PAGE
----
One of the most traditional museums in Argentina is devoted to reviving natural history through its halls and activities accessible to all visitors.
This is one of the most traditional and also one of the most ancient museums in Buenos Aires
. We paid a visit to the Argentinian Natural Science Museum, in Parque Centenario. A sunny afternoon, walking down the city as usual, we entered the remote past: from an avenue in the Federal District right into the geological past, the origin of life, the dinosaurs and everything around us today.
Prepared to spread and make available the knowledge discovered by science about the past of our planet and life on it, this museum opens its doors to people of all ages.
The Bernardino Rivadavia Argentinian Natural Science Museum got its name from the Argentinian hero who first inspired the project that led the First Triumvirate to invite the provinces to gather material in order to make up a collection that would be displayed at a natural history museum. Thus, the project of this museum had its origin practically at the same time our country emerged.
Of course the museum had to grow and move a lot before it adopted its present shape. The initiative did not become a reality until 1823, aided by Rivadavia, who was a minister then. After being housed by the Santo Domingo Convent, in the Block of Enlightenment
and Monserrat Little Square, it was moved to its present and final venue in 1937.
The building housing the museum today was specifically built for such purpose. Its decoration features details based on the local flora and fauna. The owls that flank the windows on the second floor represent wisdom.
Upon entering the venue, we saw the Geology room. We found everything from rock and crystal fragments to scale models of the mountain systems in our country, glass cabinets packed with information and real meteorites that fell on Argentinian soil. In the background, there is a planetarium that may be accessed by paying an extra ticket.
After crossing the aquarium (featuring several living specimens) and the sea life room, we reached the Malacology room. This science studies mollusks. Finally, we entered the Paleontology room.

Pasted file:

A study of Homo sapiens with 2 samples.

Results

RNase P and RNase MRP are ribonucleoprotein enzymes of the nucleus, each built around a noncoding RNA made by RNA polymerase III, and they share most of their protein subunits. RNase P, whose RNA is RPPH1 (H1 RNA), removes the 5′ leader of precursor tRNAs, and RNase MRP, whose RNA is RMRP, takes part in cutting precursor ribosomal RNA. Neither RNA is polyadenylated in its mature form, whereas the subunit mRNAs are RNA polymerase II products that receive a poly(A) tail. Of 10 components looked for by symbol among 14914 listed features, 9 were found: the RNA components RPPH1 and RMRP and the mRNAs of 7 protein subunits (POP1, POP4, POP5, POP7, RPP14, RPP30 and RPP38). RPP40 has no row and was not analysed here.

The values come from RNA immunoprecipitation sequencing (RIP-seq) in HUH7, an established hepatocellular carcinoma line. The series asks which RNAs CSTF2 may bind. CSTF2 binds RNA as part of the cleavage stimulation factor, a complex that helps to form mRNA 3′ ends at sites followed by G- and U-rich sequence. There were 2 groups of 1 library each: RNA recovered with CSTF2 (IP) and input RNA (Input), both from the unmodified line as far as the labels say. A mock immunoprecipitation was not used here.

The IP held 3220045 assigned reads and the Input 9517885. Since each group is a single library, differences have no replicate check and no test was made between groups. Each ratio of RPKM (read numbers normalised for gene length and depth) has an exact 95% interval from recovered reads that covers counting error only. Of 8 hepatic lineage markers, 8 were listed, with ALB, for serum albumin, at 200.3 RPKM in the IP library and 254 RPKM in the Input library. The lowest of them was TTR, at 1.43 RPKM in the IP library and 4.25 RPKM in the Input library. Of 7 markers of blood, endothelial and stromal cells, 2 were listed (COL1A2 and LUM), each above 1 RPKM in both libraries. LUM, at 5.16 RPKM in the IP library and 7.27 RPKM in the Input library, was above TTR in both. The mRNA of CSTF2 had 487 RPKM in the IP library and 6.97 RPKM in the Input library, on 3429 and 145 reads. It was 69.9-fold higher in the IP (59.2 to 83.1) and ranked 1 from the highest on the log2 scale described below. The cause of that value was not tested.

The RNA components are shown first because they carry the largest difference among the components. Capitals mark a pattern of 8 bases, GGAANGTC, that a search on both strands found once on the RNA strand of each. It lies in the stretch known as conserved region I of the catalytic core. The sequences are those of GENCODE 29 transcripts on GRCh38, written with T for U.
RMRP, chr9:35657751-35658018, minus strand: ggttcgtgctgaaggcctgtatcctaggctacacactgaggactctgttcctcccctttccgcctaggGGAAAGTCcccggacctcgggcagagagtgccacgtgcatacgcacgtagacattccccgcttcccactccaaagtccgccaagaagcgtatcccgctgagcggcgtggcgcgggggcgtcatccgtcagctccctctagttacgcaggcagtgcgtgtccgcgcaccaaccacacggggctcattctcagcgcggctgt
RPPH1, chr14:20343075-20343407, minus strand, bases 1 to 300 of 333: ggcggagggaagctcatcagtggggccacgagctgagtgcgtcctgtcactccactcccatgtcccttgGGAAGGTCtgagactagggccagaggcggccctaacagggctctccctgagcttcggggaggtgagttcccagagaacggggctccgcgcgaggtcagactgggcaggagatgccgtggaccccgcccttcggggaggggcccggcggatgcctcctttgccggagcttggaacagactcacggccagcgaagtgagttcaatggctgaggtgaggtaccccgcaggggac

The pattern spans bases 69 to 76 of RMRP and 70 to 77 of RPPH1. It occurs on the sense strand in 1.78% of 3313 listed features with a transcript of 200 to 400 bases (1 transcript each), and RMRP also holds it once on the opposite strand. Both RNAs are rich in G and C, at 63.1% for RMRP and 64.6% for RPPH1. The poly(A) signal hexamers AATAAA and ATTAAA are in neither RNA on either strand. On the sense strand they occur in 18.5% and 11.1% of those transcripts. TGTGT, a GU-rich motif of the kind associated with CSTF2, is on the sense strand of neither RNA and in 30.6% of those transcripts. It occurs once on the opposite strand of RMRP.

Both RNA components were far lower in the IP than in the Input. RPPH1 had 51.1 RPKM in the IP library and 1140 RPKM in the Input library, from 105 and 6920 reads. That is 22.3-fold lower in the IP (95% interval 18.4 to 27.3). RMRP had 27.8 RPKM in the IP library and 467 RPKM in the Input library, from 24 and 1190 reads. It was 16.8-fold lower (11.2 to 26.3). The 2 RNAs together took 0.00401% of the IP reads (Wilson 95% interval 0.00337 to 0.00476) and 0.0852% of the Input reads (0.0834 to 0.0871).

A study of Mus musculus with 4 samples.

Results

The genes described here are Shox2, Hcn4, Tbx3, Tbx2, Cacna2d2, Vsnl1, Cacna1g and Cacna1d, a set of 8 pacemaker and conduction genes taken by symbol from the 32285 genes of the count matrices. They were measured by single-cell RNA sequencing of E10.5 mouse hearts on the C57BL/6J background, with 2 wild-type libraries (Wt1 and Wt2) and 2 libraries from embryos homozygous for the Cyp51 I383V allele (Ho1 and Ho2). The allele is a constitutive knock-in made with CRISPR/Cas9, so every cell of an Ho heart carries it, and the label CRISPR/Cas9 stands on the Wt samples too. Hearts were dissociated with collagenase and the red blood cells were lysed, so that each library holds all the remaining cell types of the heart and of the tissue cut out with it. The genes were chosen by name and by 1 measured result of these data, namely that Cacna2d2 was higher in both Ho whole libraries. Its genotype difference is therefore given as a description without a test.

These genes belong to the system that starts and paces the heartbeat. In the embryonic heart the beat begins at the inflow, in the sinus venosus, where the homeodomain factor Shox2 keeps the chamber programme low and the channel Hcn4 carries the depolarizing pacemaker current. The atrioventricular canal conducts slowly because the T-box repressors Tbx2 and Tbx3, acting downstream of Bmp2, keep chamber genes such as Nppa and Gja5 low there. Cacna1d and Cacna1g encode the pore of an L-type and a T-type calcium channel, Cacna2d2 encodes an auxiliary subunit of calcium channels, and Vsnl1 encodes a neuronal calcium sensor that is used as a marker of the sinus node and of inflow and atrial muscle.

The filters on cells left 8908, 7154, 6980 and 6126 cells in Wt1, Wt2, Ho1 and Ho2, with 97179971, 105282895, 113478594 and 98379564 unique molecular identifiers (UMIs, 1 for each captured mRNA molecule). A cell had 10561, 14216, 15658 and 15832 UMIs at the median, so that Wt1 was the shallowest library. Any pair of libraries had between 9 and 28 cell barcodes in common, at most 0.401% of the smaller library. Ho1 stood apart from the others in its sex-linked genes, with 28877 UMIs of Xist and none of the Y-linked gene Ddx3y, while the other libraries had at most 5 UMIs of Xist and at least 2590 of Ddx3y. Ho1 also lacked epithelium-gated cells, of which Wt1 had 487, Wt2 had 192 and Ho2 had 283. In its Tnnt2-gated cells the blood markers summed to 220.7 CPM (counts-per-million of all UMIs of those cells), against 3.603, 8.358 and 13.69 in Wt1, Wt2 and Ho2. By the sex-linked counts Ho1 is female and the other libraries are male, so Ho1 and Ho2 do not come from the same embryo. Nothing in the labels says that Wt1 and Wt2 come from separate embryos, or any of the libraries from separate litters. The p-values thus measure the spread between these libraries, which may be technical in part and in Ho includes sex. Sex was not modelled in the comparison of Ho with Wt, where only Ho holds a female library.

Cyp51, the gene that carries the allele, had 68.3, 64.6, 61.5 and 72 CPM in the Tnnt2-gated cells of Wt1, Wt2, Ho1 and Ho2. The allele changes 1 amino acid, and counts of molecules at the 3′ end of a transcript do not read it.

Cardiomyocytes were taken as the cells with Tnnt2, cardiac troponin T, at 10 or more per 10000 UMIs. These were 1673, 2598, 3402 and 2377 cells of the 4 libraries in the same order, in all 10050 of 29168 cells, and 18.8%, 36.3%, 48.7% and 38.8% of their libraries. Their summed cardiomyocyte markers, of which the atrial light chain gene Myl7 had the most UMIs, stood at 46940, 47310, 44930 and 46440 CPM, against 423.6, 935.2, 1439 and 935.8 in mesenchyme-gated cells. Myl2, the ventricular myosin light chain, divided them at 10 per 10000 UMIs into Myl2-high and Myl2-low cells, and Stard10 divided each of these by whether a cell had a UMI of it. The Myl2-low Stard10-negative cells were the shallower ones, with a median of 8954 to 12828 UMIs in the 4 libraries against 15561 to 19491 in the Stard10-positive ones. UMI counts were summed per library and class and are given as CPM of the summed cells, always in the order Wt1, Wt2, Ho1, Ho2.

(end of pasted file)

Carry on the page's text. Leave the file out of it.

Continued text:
There is no doubt that this is the most attractive area on this floor. Its high ceilings and large windows provide the ideal space to see the dinosaur skeletons at full splendor. Herbivores, carnivores, aquatic and land animals, we could almost see them walking among us and stretching up their long necks. Likewise, there is one corner in this room where children may dig up their own fossils.
A last room before going up to the third floor contains original specimens of fossil mammals that dwelled in the territory of our country.
The third floor shelters many other sensations: arthropods, the plants’ world, amphibians and reptiles, present day mammals, history of the museum, sounds of nature, compared osteology. There is plenty to discover and learn.
It is interesting to see how the museum staff has worked to make scientific knowledge accessible and interesting at the same time. Not only is this about the reconstruction of skeletons (a very impressive image) or the glass cabinets packed with information or the panels with the sounds of nature visitors may discover and recognize. Everything has been arranged so that we understand that science is not something abstract and isolated from us. Science lets us learn, explore and understand the world around us everyday, the wonders we usually fail to see.
Visiting the Natural Science Museum means discovering much more than a museum.